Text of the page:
Even if it is a common universal experience, trauma isn’t something most want to or care to talk about. As a society, we tend to associate trauma with some kind of physical harm, like domestic violence or sexual abuse, but trauma comes in many different forms that can stay deep within an individual for their whole lives and affect them daily.
Trauma is caused by events that left one feeling hurt, rejected, unloved, disregarded, or unwanted. The response from these situations leaves a lasting impression on your brain and can stimulate areas in your brain that are in charge of fear and alarm. It may be difficult to understand or admit, but your brain takes time and effort to heal when using healthy coping strategies.
Here are some of the top misconceptions about trauma and why they’re incorrect.
#1: Trauma destroys your life
While trauma can absolutely be life-changing, this does not mean recovery is impossible. Negativity and bad feelings may be a part of trauma, but so are light and growth in the healing process.
Success and healing do not always travel upwards in a linear path, but that does not mean the experience has to burden you for the rest of your life. The emotions you feel and have felt are valid, and it is possible to transform yourself and make yourself stronger for future difficulties.
Maybe your wound will never fully heal, but at least with time, effort, and patience with yourself, the pain can hurt a little less and allow you to move forward.
#2: Trauma is only caused by big, life-altering events
Something that causes trauma to one person may not to another. Trauma is not just a reaction to an event but is a result of the emotional and psychological effect that it has on a person. Any time something shocking happens, a traumatic reaction doesn’t happen immediately. It can rise later when a person begins to question themselves, their past, and their reality.
Many might think trauma only happens after physical or sexual abuse. While both of those experiences are very traumatic, that is not the only kind of trauma. Trauma is how a person has perceived the trauma, rather than the size of it, and it leaves one feeling scared, helpless, or vulnerable. Whatever caused you psychological or emotional damage will not have the same effect on another person because you are different people with different perspectives.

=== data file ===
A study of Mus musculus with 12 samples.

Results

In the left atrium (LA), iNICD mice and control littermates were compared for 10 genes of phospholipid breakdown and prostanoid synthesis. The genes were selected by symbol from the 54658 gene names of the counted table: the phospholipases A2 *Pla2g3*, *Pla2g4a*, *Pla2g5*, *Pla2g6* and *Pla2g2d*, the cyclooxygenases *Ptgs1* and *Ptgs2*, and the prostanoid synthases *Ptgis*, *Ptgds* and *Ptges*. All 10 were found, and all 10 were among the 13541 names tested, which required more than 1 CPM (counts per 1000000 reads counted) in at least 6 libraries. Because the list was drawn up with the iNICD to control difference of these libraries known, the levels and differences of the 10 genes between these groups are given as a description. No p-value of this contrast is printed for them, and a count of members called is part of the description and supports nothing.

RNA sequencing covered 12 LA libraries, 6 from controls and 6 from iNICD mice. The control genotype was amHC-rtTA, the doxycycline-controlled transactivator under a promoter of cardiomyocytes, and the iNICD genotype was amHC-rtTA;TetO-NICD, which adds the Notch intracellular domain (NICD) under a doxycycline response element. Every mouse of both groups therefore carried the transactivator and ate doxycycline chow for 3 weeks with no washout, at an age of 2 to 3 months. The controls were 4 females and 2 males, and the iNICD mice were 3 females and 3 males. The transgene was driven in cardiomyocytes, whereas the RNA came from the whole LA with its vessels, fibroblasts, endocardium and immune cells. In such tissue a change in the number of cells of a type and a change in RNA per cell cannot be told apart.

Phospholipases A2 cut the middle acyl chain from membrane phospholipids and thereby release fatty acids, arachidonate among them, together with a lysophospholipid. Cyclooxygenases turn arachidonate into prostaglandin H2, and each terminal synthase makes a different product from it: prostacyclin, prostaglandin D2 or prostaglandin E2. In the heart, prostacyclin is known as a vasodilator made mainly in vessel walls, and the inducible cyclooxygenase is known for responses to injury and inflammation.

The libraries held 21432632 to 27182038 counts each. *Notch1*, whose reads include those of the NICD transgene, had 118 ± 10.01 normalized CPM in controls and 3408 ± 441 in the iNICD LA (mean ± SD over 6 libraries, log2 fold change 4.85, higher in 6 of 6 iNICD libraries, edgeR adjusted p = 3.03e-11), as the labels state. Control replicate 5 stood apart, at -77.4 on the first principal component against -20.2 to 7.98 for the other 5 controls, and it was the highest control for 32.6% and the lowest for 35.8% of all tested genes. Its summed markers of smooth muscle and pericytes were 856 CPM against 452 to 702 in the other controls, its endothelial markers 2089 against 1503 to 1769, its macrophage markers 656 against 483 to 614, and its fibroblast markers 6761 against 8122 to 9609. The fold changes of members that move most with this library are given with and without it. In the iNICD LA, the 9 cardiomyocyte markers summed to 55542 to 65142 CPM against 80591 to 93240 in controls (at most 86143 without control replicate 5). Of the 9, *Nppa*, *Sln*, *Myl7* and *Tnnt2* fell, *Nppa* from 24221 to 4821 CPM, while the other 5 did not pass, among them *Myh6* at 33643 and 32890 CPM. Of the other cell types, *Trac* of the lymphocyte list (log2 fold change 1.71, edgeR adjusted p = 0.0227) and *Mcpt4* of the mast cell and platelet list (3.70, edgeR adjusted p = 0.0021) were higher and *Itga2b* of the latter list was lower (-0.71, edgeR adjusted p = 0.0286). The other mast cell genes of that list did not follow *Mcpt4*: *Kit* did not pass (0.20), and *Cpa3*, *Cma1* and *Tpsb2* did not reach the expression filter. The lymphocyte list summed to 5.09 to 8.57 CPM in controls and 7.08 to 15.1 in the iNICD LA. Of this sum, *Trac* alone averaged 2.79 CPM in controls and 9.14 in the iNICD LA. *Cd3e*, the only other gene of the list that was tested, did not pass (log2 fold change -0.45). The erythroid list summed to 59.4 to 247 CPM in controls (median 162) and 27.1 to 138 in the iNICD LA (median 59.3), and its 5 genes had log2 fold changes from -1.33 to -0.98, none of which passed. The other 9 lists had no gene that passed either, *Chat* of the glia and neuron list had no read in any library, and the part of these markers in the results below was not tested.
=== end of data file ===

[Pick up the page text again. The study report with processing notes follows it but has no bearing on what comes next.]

#3: Having trauma means you have PTSD
Not all those who experience trauma will go on to develop post-traumatic stress disorder (PTSD). PTSD is a mental health disorder that occurs after a person has a life-threatening traumatic event.
This trauma has caused them to experience flashbacks, irritable behavior, social withdrawal, and avoiding people and places for longer than a month after the event has occurred. Some people are able to handle some psychological effects more healthily than others, and others may find themselves to be more emotionally numbed or distraught due to the burden of their trauma.
#4: Struggling with trauma means you are weak
Society has placed expressing emotions or admitting fears to be a sign of weakness, but it couldn’t be further from true. Asking for help is incredibly hard, and so is dealing with exhausting symptoms of trauma by yourself, and being able to admit that is a very strong thing to do.
So many different factors can affect how someone deals with trauma, and it’s unfair to compare yourself to anyone else. Trauma recovery is very complex, and there is no right or wrong way to heal the damage.
#5: Time will help me not think about it
Trauma very rarely heals on its own. Being “strong” and powering through it leaves so much potential to open the wound again later, and it will keep happening until you face it.
This can worsen symptoms over time, or show up more intensely in certain situations, and affect your interactions and future relationships with family, friends, coworkers, and many parts of your everyday life. Maybe you are able to find ways to cope and avoid thinking about unpleasant memories, but this does not mean the memories are gone, and they can continue to influence actions and thoughts in the future.
#6: I have to get over it alone, and there’s nothing I can do
There is a way through your trauma and to find a new perspective in life, regardless of what you have experienced. You do not have to face your trauma alone, and there are people that care to help.
Even if trauma is an experience most go through in life, it doesn’t make it any less significant. Stanley Wipfli is a licensed trauma-based therapist in downtown San Francisco, who specializes in anxiety, depression, and PTSD therapy.
Contact Stanley Wipfli today for a free 15-minute consultation. In-person therapy is available in downtown San Francisco, as well as virtual therapy sessions for all California residents.